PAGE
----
Parallel objective lessons from Paul

There are two instances of parallel objective lessons in Paul’s teaching in I Corinthians 5 and I Timothy 2. The objective in the former involved the salvation of a certain individual. He was the focus of Paul's admonition in I Corinthians chapter five. There are three progressive points which Paul uses to escalate and build up his point in his letter to the saints in Corinth. Paul gave them 1) an instruction “deliver such a one to Satan,” (I Corinthians 5:5a) 2) the reason or purpose for that instruction, “for the destruction of his flesh,” (I Corinthians 5:5b) and 3) the expected results from that instruction “that his spirit may be saved.” (I Corinthians 5:5c)


Here is the other similar instance of Paul’s teaching
in which his objective is laid out successively. The three points or elements involved salvation with a limited and exclusive focus on the woman in I Timothy 2. Paul enumerates these points as follows in his letter to the young man Timothy whose ministry was in Ephesus: 1) the instruction “I do not permit a woman to teach,: 2) the reason or purpose for the instruction “FOR Adam was first formed . . . BUT the woman being deceived,” and 3) the expected results from the instruction “BUT she will be saved through her childbearing.”


The progression from point 1 to point 2 to point 3 in the I Corinthians 5 passage suggests that these (instruction, reason or purpose for the instruction and the expected results from that instruction) are related and are inseparable. The progression from point 1 to point 2 to point 3 in the I Timothy passage suggests that these (instruction, reason or purpose for the instruction and the expected results from that instruction) are related and are inseparable. Any response to one part can not be done while disregarding or discarding the other two.


This cogent and convenient alignment of these three points by the apostle Paul in the I Corinthians passage is typically and readily understood and embraced by the saints. This is in part because we have in II Corinthians 2 as the testimony of the scriptures that the immoral brother had repented and had been restored, that is, the expected result of the instruction was attained.


This is not so with the I Timothy passage. Oh, there might be a ready understanding and embrace of the first two points. This is not without what I call a considerable convoluted concoction of a so-called explanation. The explanation comes at the expense of severing the third point concerning the salvation of women with its own convoluted concoction of a so-called explanation. The concoction only gets thicker with the feeble explanations on Paul’s only other reference in his writings to childbearing in I Timothy 5:14 which is explained that a good Christian woman is even better if she is bearing children.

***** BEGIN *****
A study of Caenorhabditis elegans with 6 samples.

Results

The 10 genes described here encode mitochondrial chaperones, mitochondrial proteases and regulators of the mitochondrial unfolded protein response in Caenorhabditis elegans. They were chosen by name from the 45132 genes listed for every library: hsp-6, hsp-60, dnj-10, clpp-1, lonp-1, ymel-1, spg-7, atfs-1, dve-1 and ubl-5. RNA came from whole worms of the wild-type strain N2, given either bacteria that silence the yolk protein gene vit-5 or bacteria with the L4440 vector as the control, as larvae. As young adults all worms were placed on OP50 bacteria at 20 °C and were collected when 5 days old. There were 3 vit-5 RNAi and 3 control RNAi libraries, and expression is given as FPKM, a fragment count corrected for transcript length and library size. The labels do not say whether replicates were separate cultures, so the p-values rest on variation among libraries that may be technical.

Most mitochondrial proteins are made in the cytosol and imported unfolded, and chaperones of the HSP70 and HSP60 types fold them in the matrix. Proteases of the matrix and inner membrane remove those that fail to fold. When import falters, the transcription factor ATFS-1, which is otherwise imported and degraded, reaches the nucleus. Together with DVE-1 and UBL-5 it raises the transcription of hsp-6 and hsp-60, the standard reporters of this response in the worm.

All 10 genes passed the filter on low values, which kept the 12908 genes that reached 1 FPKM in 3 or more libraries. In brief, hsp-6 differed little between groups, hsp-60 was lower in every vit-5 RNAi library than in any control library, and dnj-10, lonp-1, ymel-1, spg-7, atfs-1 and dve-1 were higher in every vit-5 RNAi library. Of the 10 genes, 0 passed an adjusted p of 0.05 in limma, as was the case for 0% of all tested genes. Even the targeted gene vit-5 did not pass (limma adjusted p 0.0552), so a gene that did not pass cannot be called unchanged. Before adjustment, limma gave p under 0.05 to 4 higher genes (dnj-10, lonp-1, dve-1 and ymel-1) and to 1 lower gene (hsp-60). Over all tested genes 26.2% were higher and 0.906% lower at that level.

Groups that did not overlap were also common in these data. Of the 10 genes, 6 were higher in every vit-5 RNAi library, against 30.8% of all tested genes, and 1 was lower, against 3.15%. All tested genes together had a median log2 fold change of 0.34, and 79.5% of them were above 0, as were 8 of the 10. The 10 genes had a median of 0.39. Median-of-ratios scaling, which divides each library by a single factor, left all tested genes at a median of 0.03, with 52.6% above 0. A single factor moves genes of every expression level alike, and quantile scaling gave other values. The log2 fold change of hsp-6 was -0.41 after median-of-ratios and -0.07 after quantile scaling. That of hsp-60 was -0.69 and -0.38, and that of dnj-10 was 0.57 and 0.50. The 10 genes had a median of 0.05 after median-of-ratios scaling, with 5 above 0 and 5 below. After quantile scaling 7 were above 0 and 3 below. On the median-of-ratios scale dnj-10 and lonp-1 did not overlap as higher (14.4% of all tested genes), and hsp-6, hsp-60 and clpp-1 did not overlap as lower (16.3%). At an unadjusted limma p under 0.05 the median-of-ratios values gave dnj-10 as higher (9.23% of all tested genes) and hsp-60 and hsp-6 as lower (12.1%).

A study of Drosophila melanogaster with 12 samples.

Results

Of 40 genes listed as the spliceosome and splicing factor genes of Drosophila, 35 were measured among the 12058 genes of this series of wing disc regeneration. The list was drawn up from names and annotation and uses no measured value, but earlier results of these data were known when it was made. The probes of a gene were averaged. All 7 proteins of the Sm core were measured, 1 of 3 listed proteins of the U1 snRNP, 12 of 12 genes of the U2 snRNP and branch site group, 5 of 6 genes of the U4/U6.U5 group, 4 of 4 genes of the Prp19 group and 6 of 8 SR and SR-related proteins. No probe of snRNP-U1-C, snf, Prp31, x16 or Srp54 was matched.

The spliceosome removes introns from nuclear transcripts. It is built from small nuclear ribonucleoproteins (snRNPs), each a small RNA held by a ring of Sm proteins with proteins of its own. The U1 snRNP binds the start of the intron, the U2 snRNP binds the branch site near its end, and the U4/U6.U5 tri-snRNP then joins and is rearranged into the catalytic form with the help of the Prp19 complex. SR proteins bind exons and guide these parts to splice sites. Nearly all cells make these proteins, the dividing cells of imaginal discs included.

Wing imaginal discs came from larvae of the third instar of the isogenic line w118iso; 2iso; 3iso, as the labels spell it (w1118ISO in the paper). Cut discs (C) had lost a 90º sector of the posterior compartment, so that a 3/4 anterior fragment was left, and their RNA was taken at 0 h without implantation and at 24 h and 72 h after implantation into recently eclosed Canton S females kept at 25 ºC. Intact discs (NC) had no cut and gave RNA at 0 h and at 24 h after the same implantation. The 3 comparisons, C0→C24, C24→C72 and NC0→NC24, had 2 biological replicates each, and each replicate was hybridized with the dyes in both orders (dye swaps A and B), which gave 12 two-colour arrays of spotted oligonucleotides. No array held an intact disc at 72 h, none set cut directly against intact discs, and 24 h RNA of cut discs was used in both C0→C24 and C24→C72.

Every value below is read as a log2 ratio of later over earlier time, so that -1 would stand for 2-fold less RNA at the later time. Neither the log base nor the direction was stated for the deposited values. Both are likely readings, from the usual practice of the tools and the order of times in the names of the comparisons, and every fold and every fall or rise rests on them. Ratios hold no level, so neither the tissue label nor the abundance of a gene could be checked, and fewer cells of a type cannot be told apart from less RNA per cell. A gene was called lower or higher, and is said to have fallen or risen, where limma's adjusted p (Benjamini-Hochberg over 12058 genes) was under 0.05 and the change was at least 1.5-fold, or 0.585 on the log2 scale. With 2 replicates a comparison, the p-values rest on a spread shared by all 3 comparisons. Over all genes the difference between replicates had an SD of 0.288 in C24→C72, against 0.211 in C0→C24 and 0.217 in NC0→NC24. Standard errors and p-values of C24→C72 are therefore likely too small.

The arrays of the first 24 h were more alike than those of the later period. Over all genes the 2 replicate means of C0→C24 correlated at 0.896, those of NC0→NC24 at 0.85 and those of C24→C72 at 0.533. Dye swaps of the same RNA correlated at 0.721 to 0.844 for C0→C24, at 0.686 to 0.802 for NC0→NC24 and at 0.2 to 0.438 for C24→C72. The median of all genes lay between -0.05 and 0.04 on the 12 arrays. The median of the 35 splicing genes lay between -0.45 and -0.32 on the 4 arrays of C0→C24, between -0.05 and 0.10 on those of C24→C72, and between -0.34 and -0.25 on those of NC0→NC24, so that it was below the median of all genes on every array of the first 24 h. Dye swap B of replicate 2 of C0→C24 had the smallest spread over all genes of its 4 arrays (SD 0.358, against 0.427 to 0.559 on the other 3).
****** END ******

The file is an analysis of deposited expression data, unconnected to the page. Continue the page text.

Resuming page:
The second point, the reason or purpose for the instruction “FOR Adam was first formed . . . BUT the woman being deceived,” demands a closer examination. The reason which Paul gives for the instruction is divided further by the contrast “BUT the woman being deceived.” If the three points are to examined and understood together and not separated, then it is equally true of this sub point.


One common explanation of the entire passage that Paul merely reiterated the order of creation could possibly hold up with respect to the first part about Adam being formed first. However, the deception of Eve, as much as it is true and that it happened in the garden of Eve shortly after Adam was formed, is not part of the creation. So, what could the forming of Adam and the deception of Eve possibly have meant to Paul’s audience? What could possibly have resonated as being familiar to Jew and Gentile alike in Ephesus?

What would resonated with them was that the Artemis cult touted her as being firstborn. After she was born she turned and assisted her mother give birth to her twin brother, Apollo. Hence, Artemis touted herself as the savior of women through childbirth. This was the deception of Artemis to think she was firstborn and savior. The apostle Paul seized and appropriated these claims of Artemis and applied them to Jesus. It is Jesus who is the firstborn, not of woman, but from the resurrection from the dead. Even Adam and Eve, unlike Artemis, were not born; they were created. Certainly, the woman Eve, like Artemis, was deceived, but unlike Artemis, she did not claim to be a savior nor was she a savior. Eve was herself, as well as all men, saved through Jesus, the Savior.


What could possibly be missing from the picture in I Timothy concerning the instruction which Paul gave, the reason for the instruction which Paul gave and the expected results of that instruction? Why does it continue to baffle so many of those who lead, teach and preach? Why do they continue to conjure up all manner of feeble and lame so-called explanations for the saints in Christ, but for women in particular? Is it because of their continue obliviousness of Artemis? They much prefer to expound on sexual immoralities concerning temple prostitutes or the academia of Gnosticism. The latter was a newcomer to Asia, but the former, namely Artemis, had been around for centuries. It was that cult and culture which the apostle Paul and Timothy made it their mission to dethrone and demolish.

There is an irony in the aftermath of the apostle Paul and Timothy’s mission to dethrone and demolish the female cult of Artemis. The irony is that the work of the males Paul and Timothy has come to be seized and appropriated by males who have enthroned themselves as the exclusive anointed ones to prophesy, but God poured out his Spirit on his sons AND daughters for them to prophesy.